The Hague Just Reminded Us Why Safe Zones May Not Be Safe

The Hague Just Reminded Us Why Safe Zones May Not Be Safe

Russia wants a safe zone in Syria where civilians caught up in war can flee to safety. Iran and Turkey support it. So, too, does Donald Trump.

Why would anyone oppose something that sounds as nice as a safe zone?

Because civilians fleeing to a safe zone may become fish in a barrel — as an appeals court in the Hague just reminded us.

The court ruled Tuesday that Dutch soldiers are partially responsible for 300 of the 8,000 Muslim men and boys killed in Srebrenica in 1995, in what became the largest mass murder on European soil since World War II.

The U.N. established the town of Srebrenica as a safe area in 1993 after the outbreak of the Bosnian War the previous year. A few hundred Dutch peacekeepers were deployed to defend the town, and ethnic Bosniak Muslims poured in seeking safety. But in July 1995, the Bosnian Serb army overwhelmed the city. When it became clear that the lightly armed peacekeepers couldn’t hold the town, some Bosniaks sought safety on the Dutch base. But Dutch soldiers turned 300 Muslim males over to Serbian troops, who tortured and killed them.

The International Criminal Court for the former Yugoslavia has accused the Serbian General Ratko Mladić, who headed the army, of war crimes and genocide; he is currently in detention in the Hague.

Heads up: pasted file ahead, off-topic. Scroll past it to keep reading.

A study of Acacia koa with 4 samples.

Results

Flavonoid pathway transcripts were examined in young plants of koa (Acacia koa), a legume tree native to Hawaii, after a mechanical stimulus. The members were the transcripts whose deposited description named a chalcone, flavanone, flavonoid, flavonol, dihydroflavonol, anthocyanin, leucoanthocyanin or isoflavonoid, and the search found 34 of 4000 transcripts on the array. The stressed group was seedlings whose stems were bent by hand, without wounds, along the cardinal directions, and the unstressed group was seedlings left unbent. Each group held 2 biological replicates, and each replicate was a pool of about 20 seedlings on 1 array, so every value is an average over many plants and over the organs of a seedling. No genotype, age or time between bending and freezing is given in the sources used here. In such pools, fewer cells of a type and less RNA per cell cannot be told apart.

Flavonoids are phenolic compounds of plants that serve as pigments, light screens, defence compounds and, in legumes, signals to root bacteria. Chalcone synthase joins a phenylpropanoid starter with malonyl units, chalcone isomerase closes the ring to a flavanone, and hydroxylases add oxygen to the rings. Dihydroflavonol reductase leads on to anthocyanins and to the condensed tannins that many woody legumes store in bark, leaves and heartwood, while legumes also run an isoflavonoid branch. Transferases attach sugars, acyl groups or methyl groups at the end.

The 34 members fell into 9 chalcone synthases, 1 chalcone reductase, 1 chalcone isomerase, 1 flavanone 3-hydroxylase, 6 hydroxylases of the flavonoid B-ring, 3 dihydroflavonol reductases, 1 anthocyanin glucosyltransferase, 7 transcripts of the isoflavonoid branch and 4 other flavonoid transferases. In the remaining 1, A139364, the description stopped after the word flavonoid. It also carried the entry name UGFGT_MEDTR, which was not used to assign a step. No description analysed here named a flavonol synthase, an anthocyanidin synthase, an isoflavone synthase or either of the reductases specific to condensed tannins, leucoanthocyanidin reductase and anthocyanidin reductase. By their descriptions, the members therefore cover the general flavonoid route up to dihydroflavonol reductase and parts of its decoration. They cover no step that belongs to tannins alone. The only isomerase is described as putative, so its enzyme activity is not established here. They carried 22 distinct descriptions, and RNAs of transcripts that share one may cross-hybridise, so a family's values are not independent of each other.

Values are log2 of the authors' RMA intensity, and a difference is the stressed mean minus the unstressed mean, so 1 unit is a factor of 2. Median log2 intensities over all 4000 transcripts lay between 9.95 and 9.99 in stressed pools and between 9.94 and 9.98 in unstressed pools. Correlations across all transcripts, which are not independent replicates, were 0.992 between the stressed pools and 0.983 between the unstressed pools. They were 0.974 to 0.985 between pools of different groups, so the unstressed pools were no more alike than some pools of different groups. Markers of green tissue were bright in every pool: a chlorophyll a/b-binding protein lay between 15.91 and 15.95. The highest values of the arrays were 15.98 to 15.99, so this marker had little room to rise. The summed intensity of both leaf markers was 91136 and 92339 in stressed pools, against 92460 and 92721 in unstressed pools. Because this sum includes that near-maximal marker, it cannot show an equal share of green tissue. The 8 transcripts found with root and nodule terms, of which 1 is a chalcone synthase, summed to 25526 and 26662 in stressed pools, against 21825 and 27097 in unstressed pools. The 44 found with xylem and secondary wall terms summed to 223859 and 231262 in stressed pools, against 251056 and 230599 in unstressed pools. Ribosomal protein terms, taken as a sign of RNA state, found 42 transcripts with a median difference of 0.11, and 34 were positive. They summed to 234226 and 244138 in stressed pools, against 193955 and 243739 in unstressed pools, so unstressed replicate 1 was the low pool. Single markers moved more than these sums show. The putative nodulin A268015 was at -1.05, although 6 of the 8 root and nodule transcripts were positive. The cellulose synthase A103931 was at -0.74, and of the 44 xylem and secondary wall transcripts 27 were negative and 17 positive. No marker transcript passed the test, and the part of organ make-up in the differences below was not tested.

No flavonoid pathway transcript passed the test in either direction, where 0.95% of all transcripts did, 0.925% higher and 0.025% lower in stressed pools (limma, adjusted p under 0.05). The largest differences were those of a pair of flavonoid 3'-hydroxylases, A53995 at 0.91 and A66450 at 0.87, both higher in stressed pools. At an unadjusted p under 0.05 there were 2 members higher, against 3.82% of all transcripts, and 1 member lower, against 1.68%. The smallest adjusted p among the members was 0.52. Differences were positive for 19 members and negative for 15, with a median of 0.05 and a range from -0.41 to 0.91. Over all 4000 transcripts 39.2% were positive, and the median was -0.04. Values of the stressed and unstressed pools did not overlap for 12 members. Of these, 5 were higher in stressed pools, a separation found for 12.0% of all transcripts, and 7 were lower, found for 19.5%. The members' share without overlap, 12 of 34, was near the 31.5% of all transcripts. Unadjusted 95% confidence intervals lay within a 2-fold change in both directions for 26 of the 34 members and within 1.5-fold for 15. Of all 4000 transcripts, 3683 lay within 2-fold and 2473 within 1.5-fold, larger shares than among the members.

In its Tuesday ruling, the Hague stated that the peacekeepers should have known that forcing the civilians out of their base would result in their deaths. The court affirmed a similar 2014 ruling.

The Srebrenica massacre highlighted the dangers that safe zones present if they are imposed without sufficient security precautions. What the safe area in that small Bosnian town effectively did was concentrate the civilians who were most at risk all in one place, without providing adequate security or a credible guarantee from hostile forces that they would respect such a zone. The result was slaughter.

President Barack Obama opposed the creation of safe zones in Syria for much the same reason. Neither the Syrian government under President Bashar al-Assad nor its Russian backers have shown any qualms in waging war against civilians living in opposition-held parts of the country.

Trump, however, has thrown his support behind the establishment of protected areas in Syria. At peace talks conducted last month, Iran, Turkey, and Russia agreed to create four safe zones in Syria. Assad approved of the plan but Syrian rebels lambasted it, stating that they would not accept Iran, one of Assad’s strongest backers, as a security guarantor.

In recent months, the United States and Russia have engaged in secret talks to discuss establishing a similar zone in southern Syria.